For lots of Christians in the Western world, the season comes at the traditionally busiest, bustliest, frenetic and frazzled time of year: The Holiday Season, or preparing for Christmas. For many other people in the northern hemisphere it is also a time of sadness, loneliness and depression, no doubt partly fueled by people's dark-days-induced lack of vitamin D. It is also fueled by a vague sense that at Christmastime, everyone is supposed to be happy. The depth of everyone's loving connections, the warmth and empathy that surround us are all supposed to be on display, caressing us and making everything bright and wonderful. Solving our problems. Giving us hope. But what often happens instead is that either our vague hopes get dashed, and we are sad once again, or the hearts we have turned to steel against all such soft feelings over the years get revealed for what they are, and we reject notions of warmth, love and empathy either outright (bah, humbug), or in more subtle ways that go mostly unnoticed, even to ourselves.
And in the midst of it all, we find Christians who feel guilty because they are so busy trying to prepare for Christ's birth that they hardly feel like they are living Advent at all.
I've been listening inside my own frazzledness, and I think I hear hope for us.
I draw this hope from my own lived experience of conversion which I've blogged about extensively, so if you'd like to read the stories, just follow the links.
I've written about the Christmas Eve midnight Mass 22 years ago which was the turning point in my conversion to the Catholic faith. The liturgical timing of that moment of conversion was absolutely prophetic for me; God chose it to teach and form me in a very deep way. I've also written about another major turning point in my life that happened only five years ago (almost) on the feast of Epiphany. Because that one is far newer I am still very much still writing the story, so to speak. But I know that it is about mission. And the mission is one God has taught me about in the context of Advent, but also in the context of my Carmelite vocation.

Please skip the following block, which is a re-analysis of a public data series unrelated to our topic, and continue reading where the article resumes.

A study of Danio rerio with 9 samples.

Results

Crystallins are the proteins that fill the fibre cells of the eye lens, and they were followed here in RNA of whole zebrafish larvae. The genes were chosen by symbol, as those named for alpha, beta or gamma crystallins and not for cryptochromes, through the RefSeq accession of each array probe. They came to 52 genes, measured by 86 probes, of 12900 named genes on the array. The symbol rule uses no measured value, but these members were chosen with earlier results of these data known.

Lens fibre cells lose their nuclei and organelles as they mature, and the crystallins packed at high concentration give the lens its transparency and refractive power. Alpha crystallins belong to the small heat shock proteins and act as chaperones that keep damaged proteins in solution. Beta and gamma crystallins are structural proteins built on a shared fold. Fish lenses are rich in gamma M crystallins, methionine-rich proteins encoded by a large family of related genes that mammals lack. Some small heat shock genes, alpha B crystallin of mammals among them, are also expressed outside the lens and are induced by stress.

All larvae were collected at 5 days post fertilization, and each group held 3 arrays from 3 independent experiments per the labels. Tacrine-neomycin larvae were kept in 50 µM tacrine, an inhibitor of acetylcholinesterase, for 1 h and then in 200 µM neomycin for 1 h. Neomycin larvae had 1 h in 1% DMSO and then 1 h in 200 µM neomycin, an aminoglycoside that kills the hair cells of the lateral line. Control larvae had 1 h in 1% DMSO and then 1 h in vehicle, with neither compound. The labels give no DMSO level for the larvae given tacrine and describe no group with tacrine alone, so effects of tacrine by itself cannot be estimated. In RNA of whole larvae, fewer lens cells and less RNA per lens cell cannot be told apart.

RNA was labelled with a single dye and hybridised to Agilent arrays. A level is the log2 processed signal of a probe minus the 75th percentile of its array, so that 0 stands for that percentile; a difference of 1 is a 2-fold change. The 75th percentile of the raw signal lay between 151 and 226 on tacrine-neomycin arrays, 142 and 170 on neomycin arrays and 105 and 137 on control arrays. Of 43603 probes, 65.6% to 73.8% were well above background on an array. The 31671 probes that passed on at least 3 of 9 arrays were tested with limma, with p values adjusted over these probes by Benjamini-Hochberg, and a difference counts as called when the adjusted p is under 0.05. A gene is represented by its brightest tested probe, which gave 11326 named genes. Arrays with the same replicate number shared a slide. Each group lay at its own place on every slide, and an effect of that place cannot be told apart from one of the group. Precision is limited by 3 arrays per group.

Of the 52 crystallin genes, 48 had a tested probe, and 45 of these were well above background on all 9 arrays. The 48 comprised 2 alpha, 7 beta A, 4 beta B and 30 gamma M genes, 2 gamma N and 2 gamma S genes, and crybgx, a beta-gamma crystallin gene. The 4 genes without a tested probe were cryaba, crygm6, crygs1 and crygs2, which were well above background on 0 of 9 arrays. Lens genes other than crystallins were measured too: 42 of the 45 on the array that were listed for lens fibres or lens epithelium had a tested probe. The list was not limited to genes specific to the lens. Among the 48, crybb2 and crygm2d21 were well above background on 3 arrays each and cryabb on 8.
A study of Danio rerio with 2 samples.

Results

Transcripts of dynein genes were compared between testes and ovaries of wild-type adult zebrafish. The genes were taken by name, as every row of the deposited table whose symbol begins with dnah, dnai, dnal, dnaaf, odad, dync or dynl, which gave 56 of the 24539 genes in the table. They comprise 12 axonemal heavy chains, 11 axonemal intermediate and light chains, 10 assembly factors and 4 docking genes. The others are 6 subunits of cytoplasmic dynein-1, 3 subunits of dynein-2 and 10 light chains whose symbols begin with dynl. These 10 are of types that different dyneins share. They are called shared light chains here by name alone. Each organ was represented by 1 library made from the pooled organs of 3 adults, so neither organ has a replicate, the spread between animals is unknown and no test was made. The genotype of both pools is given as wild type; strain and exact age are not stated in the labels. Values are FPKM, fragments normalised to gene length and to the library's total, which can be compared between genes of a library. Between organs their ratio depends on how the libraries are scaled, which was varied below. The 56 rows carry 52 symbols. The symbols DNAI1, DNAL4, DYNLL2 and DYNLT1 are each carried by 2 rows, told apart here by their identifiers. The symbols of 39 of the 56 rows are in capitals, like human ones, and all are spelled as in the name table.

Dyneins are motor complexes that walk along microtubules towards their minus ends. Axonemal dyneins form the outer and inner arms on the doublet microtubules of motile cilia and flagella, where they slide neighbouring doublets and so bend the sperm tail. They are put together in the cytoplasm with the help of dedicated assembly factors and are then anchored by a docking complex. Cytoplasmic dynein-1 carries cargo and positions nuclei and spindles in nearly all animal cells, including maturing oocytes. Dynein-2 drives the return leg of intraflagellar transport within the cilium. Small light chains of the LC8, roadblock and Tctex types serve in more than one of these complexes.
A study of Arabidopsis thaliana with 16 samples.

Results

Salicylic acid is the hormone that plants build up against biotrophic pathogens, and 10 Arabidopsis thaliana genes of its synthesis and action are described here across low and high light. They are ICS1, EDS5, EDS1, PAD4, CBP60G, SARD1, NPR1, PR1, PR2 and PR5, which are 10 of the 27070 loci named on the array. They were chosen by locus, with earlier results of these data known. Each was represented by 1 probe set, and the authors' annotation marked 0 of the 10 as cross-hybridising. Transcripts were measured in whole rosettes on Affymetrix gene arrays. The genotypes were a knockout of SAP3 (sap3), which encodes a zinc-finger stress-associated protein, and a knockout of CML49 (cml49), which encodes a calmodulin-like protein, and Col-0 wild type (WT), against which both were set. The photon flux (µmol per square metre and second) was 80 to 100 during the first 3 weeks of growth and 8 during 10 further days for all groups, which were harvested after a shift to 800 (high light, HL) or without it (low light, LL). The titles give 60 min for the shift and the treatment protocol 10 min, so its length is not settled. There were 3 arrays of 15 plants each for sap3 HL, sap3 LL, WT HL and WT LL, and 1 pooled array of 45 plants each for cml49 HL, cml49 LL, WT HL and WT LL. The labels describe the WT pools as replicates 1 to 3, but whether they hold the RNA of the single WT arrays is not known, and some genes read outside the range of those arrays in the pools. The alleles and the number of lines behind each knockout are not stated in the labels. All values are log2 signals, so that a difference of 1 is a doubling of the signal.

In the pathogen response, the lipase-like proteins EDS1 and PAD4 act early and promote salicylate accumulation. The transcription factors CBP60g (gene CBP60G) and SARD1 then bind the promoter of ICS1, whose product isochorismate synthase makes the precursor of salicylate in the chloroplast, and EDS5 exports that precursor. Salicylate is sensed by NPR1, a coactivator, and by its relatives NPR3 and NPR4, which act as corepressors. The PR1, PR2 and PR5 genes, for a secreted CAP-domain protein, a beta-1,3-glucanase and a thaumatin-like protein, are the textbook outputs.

And because of all those experiences, it feels clear to me that my spiritual purpose in Advent is to pray and offer sacrifice for the conversion of souls. We like to give gifts to those we love at Christmastime, and we really like it if we can find a gift that really brings joy to another person. What greater joy does Jesus ever have than the conversion of a soul who has been cold towards Him? His nature is love, and nothing pleases Him more than to be able to have that love received and enjoyed by a soul who has been without. And when you consider the end-time focus of Advent, every Christian's thoughts should immediately turn toward the eternal salvation of those who have lost or who are in grave danger of completely losing sight of God's love. And we should also keep solidly before our eyes remnant Israel, humbled, anawim, waiting, expecting. Israel, which has learned that salvation comes from God alone. Israel, who has endured suffering and trial, whose hope is not in its own might but in the One who makes and will fulfill His promises.
So, I lay in to everything I want to do to be in Advent and prepare for Christmas, and I find, oh dear!, obstacles! Stress! A crazy schedule! A grumpy attitude! Doubts about whether it is worth it, and, if I'm honest, creeping resentment towards some of those people I'm supposedly wanting to make happy!
What is happening?!
It's just Advent. Welcome to your normal life, with all the potential for sacrifice highlighted.
It will get easier if you stop thinking you find a holy Advent somewhere else. Your holy Advent is in embracing the few extra weights in your pack as you climb this mountain. The weights, the stresses, are not evidence convicting you of failure. They are your share that you can chip in to give Jesus what He's always wanted: your heart, and a path to the heart of others.
Holiness does not come in feeling "together," or in being so in control that nothing ever bothers us. That's stuff of the flesh. Holiness comes only from union with the Lord, and feelings are no sure indication of that union. Holiness has a lot to do with simply showing up for duty, with no consultation with our sense of competence, let alone perfection. Perhaps it is when our feelings register "ain't got nothin'! but Lord, here I am" that Jesus can be biggest in us. When we are all offering, taking upon our lips and into our lives Christ's prayer to the Father, He can be all Gift through us.
That is Advent prayer and sacrifice. God does tremendous work through His Church. When we Christians humbly count ourselves members of Him, as we are, we become His outposts in this world through whom He achieves the salvation of souls.
So, back into the list of things before me today, and you too.